A sea of outlandish hats and headpieces will take over London’s Victoria and Albert museum this spring, when “Hats: An Anthology by Stephen Jones,” opens on February 24.
This story first appeared in the February 9, 2009 issue of WWD. Subscribe Today.
The exhibition marks something of a homecoming for London milliner Jones, who has trawled the V&A for inspiration since his college days at London’s Central Saint Martins.
The show will be mounted in a Michael Howells–designed Baroque garden, which Jones describes as “an Italian garden at night.” It will spotlight hats that run from an Egyptian mask of Anubis, the god of the afterlife, which dates from 600 BC, to Balenciaga hats from the Fifties, on loan from Princess Lilian of the Swedish royal family, to a Dior arrow cloche that belonged to prima ballerina Margot Fonteyn. Current designers including Philip Treacy and Patricia Underwood, as well as emerging milliners Nasir Mazhar, Albertus Swanepoel and Justin Smith, also will have pieces on display.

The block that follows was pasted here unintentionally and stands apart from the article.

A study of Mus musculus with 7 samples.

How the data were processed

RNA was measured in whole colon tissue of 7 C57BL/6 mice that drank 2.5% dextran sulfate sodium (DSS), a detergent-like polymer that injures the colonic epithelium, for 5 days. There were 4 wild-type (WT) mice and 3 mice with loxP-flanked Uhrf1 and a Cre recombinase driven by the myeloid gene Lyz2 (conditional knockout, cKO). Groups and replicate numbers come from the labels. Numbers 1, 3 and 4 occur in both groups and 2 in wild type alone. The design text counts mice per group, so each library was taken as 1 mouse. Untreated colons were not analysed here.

“Hats denote status and power,” says Jones. “The ultimate symbol of royalty is a crown.”
That said, the milliner notes that one of his highlights from the show is a lowly Tudor serf’s knitted hat he found in the V&A archives. “It’s knitted in exactly the same way as some hats I was going to do for Galliano,” he says.
The exhibition, which will include many of Jones’ creations for designers including Christian Dior and Comme des Garçons, has in turn influenced Jones’ own creations. His spring collection, Vanda, is inspired by the different themes of the exhibition: Inspiration, Creation, The Salon and The Client.
“That’s been weird to do—the originals are so wonderful and I would just copy them exactly,” says Jones. “But there’s always something different in my own collection, be it the technique or the silhouette.”